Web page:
Colombian minister of defense Guillermo Botero resigned after an investigation revealed that at least eight children were killed in a bombing he had ordered. The incident took place on August 29 and immediately after, the government claimed that “14 criminals,” members of a supposed Revolutionary Armed Forces of Colombia (FARC) dissident group had been killed. After news of the death of the children came out and the minister’s role was revealed, several center-right parties in the Colombian congress announced that they would support a motion of no-confidence against him. Shortly after, with no options left, Botero announced his resignation.
The information about the bombing was presented by senator Roy Barreras of the Social Party of National Unity on November 5, Tuesday, during the debate on the no-confidence motion against Botero. Barreras said that on September 2, when the minister announced the “results” of a military operation in San Vicente de Caguán in the department of Caquetá against the supposed FARC dissident group, he proudly announced, “14 criminals have been killed” and hid the fact that eight minors had been killed.
The senator revealed that the coroner’s report on the victims of the bombing had identified the eight minors. Among those killed were Abimiller Morales (17), Willmer Castro (17), Diana Medina (16), José Rojas Andrade (15), Jhon Edinson Pinzón (17), Sandra Patricia Vargas (16) and Ángela María Gaitán (12). The eighth minor’s identity is still unknown.
The day before the bombing, a section of the FARC announced their return to armed struggle. President Ivan Duque authorized an offensive operation against the “group of narco-terrorist criminals” and rewards of 3 billion Colombian pesos for apprehending each person who appeared in the video in which the announcement was made.
Many have denounced that not only did the Colombian government hide the fact that the children were killed in the bombing, but they were also aware that children were present when they ordered the bombing. A local official, Herner Carreño, from the neighboring municipality of Puerto Rico reported that the government had knowledge about the presence of minors in the camp before the bombing as he himself made numerous denouncements to different government authorities and the Public Force about the forcible recruitment of minors to armed groups in the zone.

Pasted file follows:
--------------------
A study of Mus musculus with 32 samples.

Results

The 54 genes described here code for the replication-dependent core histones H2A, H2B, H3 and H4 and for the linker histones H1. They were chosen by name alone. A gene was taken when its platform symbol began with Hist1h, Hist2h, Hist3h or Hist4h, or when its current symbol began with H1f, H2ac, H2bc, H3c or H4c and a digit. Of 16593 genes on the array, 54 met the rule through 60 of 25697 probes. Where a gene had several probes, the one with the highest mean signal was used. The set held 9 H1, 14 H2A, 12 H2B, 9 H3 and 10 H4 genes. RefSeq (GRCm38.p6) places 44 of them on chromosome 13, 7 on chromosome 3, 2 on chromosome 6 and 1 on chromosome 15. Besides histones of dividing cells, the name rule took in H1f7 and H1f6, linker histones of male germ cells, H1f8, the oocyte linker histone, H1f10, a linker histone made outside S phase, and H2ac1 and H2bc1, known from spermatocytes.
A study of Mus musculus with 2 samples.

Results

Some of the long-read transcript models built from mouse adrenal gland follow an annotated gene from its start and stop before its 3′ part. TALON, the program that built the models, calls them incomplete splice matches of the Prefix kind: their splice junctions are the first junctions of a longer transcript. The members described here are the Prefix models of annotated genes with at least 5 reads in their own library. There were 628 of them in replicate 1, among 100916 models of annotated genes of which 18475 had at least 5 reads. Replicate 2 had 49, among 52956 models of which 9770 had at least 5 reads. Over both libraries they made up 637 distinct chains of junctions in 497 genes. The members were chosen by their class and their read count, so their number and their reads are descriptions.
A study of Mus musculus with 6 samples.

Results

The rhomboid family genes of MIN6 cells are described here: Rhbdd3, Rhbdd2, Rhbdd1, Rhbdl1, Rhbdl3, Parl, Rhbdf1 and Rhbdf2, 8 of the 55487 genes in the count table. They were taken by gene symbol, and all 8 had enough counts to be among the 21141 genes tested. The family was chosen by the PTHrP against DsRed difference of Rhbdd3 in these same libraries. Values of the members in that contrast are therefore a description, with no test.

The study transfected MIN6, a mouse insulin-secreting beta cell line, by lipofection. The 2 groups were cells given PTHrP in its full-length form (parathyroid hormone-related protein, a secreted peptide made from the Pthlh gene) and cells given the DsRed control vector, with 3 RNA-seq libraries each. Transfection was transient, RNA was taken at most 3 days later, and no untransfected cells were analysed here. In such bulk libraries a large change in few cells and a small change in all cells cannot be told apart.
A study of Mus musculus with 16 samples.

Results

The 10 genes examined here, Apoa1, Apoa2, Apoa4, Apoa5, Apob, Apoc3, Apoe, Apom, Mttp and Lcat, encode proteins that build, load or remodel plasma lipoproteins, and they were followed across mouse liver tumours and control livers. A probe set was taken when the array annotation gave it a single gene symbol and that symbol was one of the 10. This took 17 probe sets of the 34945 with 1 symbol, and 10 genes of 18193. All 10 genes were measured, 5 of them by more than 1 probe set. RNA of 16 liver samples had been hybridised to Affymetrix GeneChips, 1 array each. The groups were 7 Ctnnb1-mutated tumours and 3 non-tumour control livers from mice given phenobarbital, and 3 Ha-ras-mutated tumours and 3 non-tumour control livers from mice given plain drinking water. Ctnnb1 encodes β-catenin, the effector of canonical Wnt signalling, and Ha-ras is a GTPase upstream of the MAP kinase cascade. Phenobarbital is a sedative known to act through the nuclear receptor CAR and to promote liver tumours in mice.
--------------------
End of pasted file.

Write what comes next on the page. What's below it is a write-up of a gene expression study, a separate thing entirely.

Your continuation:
After the operation was carried out, president Duque characterized it as “meticulous, impeccable and with great rigor.”
During the debate, former president and and current right-wing senator, and political mentor of Duque, Álvaro Uribe, of the Democratic Center party, supported Botero and the decisions of the government. He justified their actions stating: “If there are children in a terrorist camp, what does one think? Would they have gone there for curiosity to play football or were they recruited by the terrorist?”
The debate on the motion of no-confidence was called for by Barreras in response to concerns over issues of security and violence in Colombia. Some of the key issues are the alarming number of assassinations of social leaders, human rights defenders and ex-combatants, the growing number of legal cases against members of the armed forces for grave violations, and the recent cases of extrajudicial executions by the Colombian army. Botero and the army tried to hide the truth about many of these executions and suggested that those killed were active combatants. The cases of Dimar Torres, a FARC ex-combatant who was assassinated by the army in April in the Catatumbo region, and peasant leader Flower Jair Trompeta Paví were examples of this.
The resignation of Botero is a definite win against the institutionalized impunity enjoyed by members of the Colombian government and armed forces. These sections have for decades ordered and carried out assassinations of innocent civilians and members of the insurgencies in order to show positive results in their ‘war on crime and terrorism.’ As lawsuits against directives and members of the army begin to multiply, this impunity will be chipped at little by little. However, the fact does remain that Colombia is still under the leadership of Iván Duque who is following the same script as his mentor Álvaro Uribe.
Hours after Botero’s resignation, a journalist from the Colombian news organization El Heraldo approached Duque when he was leaving an event at a city on the northern coast of Colombia and asked him about the bombing. Duque responded “What are you talking about man??” and the journalist was apprehended by security. Duque has yet to comment on the bombing but tweeted that he accepted the resignation of Botero and thanked him for “his commitment, sacrifice, and leadership in the sector. Thanks to his management we achieved excellent results in these 15 months.”